The Champions – Nutcracker


Major Duncan (William Squire), head of M7, enlists the Champions – asking them to steal the file, thereby proving that the current defence procedures are inadequate. Richard doesn’t take it out of the building, instead he memorises its contents. This then makes him a target ….

As so often, the ultra secret defence establishment we see today is hidden inside an apparently innocuous building – in this case a clothing store (Mauncey gains admittance by purchasing the correct tie!). Luckily, security is more watertight after that – he has to input a complex code on a keypad and then plays a nifty little tune on a keyboard before finally gaining access to the vault.

All of this, plus the fact that after he’s got the file in his hands the shutters come down and he’s gassed, do suggest that security’s fine as it is. But had that been so then we wouldn’t have had much of a story.

Post credits, Craig is a togged up as a cowboy and demonstrates his sharp-shooting skills. He of course comes out on top and can’t help but display a certain air of smugness.

William Squire would later have a lengthy stint in security (as the fourth ‘Hunter’ in Callan).  Duncan is therefore good training for him (the offhand way he says that Mauncey is undergoing interrogation and eventually will tell them the truth hints at the ruthless way the Section also operates).

Given that Mauncey was one of a select group of people to have the correct security clearance to enable him to access the file, asking the Champions – who don’t have this knowledge – to break in does seem slightly pointless. While Richard and Craig glumly discuss how they’re going to break the bank (neither are keen on the job) Sharron nips off to speak to Mauncey. He seems rather taken with her (no doubt the fact that she possesses a very pretty face is the reason why she was chosen for this mission).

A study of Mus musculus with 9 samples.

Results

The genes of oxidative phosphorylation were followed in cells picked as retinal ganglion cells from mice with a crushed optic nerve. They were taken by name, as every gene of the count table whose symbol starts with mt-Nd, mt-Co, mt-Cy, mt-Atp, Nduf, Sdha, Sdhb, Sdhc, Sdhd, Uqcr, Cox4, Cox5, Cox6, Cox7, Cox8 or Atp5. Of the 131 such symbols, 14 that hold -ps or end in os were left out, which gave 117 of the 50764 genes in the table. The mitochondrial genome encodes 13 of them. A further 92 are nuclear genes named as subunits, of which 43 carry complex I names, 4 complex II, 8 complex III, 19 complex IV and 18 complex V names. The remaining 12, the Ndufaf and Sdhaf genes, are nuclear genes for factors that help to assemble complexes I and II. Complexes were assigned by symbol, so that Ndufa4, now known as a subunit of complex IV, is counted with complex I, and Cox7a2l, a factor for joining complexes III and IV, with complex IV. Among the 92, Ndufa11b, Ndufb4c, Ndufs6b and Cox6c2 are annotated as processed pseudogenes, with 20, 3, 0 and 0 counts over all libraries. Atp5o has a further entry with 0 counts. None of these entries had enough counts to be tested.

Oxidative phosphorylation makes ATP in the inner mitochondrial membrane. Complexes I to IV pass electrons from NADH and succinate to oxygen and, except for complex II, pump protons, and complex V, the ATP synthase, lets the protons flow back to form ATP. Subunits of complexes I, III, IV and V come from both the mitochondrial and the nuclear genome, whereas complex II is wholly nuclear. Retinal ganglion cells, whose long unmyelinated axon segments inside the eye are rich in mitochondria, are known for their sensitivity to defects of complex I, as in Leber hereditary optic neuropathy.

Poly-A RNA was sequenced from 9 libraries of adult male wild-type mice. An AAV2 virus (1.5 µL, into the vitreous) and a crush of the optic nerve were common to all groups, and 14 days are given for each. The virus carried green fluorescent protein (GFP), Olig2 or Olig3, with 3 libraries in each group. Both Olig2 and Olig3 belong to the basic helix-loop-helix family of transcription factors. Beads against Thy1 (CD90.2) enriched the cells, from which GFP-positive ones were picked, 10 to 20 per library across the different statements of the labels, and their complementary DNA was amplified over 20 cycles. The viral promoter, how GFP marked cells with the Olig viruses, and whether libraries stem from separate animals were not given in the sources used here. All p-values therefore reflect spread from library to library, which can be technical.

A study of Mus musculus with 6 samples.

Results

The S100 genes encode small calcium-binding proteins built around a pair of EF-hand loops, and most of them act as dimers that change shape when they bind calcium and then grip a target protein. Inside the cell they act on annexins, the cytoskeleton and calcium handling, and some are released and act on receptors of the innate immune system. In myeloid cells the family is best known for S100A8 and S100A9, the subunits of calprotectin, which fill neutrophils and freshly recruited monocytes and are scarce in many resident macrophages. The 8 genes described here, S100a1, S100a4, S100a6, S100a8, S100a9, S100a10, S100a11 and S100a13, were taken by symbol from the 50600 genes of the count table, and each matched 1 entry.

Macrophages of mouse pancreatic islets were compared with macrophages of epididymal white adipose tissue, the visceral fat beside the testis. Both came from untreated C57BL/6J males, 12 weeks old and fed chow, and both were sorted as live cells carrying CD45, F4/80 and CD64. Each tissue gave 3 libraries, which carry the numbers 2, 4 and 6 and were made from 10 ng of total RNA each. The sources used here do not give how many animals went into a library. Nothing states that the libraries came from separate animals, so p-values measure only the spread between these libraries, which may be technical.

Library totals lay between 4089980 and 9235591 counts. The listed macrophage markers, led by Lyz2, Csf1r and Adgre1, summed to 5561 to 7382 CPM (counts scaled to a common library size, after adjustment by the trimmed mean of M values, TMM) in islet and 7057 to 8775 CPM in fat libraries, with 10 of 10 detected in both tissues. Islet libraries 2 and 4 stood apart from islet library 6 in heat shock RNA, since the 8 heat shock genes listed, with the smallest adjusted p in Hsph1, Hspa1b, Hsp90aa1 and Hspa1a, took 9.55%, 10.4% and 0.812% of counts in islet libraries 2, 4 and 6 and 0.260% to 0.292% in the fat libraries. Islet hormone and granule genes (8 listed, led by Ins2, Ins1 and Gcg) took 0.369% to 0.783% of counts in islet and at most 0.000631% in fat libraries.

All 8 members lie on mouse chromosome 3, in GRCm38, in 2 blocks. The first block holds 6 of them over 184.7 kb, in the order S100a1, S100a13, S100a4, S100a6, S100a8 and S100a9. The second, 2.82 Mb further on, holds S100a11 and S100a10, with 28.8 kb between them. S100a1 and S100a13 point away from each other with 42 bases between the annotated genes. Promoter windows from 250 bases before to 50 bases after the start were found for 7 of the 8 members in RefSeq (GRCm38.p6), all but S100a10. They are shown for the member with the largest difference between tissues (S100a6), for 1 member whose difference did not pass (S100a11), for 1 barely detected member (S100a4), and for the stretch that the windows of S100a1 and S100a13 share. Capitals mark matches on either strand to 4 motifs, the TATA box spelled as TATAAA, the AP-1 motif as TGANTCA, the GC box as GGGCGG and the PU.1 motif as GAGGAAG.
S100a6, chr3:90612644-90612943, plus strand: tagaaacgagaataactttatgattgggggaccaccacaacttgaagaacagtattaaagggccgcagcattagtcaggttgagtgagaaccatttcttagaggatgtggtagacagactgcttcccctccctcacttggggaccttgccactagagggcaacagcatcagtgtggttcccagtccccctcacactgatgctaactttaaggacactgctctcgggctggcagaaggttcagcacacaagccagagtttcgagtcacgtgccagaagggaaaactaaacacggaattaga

Security at M7 doesn’t seem to be that good – considering that Mauncey is later murdered in his cell. Perhaps Duncan needs to stop worrying about the security of his top files and instead concentrate on a root and branch review of the entire department ….

The boys toss a coin to decide who will break into the vault (Richard loses and has to do the job). Sharron is excluded from this, much to her disgust, but you can sort of understand why – given that the ‘password’ involves purchasing a tie.  The break-in scene is a fairly tense one, although it can’t help but feel slightly like padding – now it’s been established that someone is keen to get their hands on these secrets, the story won’t advance until we meet them.

Richard is lifted immediately after leaving the vault. How did the black hats know where he was and what he was doing? Given that we’ve only met one member of M7, this particular mystery doesn’t seem that taxing (Nutcracker is a spy story told in a very linear way).

Right from the pre-credits, it looks obvious that the dentist – Warre (John Franklyn Robbins) – is decidedly dodgy, and although this isn’t confirmed until the close of the story, the reveal therefore won’t come as a surprise.  Warre’s brain-washing techniques are a story element that wouldn’t have seemed out of place in The Avengers.

It’s always nice to see David Langton and William Squire, but both are slightly underused. Nutcracker has all the elements for a top episode but something doesn’t quite click for me – a touch more mystery and a few red herrings might have helped.  The climatic fight is also something of a damp squib as it’s over almost as soon as it begins. And the fact we don’t have a tag scene means that the episode ends rather abruptly after this brief punch-up.

Having said all that though, Nutcracker moves at a decent pace throughout so I’m happy to give it a score of three and a half out of five.